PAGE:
Greg Hageman unveiled a one-two custom punch for Yamaha's Yard Built series.
The latest Yard Built entry is a two-bike deal with plenty of retro bona fides.
Yamaha just released photos of the two latest bikes in their Yard Built Project series, and they are very tasty.
READ MORE: 2018 Yamaha XSR700 – First Ride
This latest Yard Built project is a two-bike entry from Iowa bike builder Greg Hageman. First we have Fast Father, a 1972 Yamaha XS-2. The XS-2 is a great bike by any measure, and Yamaha’s first attempt at a four-stroke motorcycle. The 650cc Yamaha was an unparalleled success and went through very few changes in a 13-year production run.
Hageman, impressed with clean and classic look of the XS-2, sought to create a more up to date version to better meet modern expectations. To achieve this, he added LED lighting, efficient Mikuni VM carbs, and radial tires to replace the bike’s OE bias ply rubber. Sharp eyes will recognize the early R6 front end, trick swingarm, and Hagon shocks that were added to improve handling. In addition, the timeless virtues of a flat seat, bright two-tone paint, and that incredible feeling of lightness in form and reality make this bike a winner. A winner you can ride fast and far without drama.
The second bike is an XSR700 called Fast Son, a clear homage to the older, wiser XS650. To help with this build, Hageman approached Yamaha motorcycle production manager Shun Miyazawa. Instead of giving the XSR the full-on retro treatment, Hageman decided to give it just a whiff of the old school while keeping the bike’s aggressive, modern stance. Changes include a round (yes!) headlight, reassigned instrumentation, a flat seat, Akropovic exhaust, and a stunning two-tone red and cream paint job to match its predecessor’s. Little else was needed as the XSR has plenty of performance, the correct twin cylinder rumble, and is totally in line with how people ride today.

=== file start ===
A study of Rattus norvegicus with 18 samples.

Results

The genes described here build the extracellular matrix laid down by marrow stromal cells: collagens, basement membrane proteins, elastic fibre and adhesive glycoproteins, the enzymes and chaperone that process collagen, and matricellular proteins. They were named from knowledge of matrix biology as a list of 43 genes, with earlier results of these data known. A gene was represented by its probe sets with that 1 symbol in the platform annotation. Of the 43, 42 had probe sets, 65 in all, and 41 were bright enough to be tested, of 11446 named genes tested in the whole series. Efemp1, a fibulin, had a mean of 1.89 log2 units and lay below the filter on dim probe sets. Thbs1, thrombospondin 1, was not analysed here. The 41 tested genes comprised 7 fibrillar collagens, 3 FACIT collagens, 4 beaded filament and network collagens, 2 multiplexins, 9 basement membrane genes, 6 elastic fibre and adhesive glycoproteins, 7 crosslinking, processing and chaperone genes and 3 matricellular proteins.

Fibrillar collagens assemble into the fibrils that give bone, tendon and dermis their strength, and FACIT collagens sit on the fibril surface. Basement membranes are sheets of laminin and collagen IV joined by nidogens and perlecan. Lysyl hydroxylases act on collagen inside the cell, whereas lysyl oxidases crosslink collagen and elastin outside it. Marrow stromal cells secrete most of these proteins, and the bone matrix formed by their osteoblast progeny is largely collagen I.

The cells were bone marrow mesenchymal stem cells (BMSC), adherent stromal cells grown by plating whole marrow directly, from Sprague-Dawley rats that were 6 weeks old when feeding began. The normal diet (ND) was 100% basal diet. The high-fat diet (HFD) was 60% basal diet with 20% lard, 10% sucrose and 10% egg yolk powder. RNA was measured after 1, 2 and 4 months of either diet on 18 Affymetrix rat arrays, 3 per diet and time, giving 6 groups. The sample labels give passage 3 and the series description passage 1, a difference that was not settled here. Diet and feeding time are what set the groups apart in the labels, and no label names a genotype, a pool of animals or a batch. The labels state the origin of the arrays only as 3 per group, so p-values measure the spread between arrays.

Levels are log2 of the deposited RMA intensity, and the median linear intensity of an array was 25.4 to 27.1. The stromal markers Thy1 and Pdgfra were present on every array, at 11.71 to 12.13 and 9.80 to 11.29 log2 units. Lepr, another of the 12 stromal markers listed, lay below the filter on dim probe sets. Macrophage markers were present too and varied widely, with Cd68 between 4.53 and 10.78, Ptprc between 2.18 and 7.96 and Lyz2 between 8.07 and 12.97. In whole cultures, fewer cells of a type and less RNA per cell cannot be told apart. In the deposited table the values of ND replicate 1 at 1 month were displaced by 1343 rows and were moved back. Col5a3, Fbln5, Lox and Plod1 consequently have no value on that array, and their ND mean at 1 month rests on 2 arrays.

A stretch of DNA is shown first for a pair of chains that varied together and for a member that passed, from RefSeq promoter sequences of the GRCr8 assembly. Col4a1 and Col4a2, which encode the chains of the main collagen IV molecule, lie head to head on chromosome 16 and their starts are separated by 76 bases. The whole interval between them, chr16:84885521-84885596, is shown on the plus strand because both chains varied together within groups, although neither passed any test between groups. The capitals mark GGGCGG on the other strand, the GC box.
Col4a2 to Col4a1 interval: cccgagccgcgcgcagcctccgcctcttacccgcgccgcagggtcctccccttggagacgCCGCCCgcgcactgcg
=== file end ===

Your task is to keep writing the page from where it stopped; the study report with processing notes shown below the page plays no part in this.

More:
The bikes are currently on tour with the International Motorcycle Show (Jason got to see both during his trip to Manhattan last month), and are a must-see at the Yamaha booth. The workmanship and attention to detail on both bikes are top notch, and the XSR seems to be a worthy successor to the venerable XS650. If you have the chance, you should definitely check them out.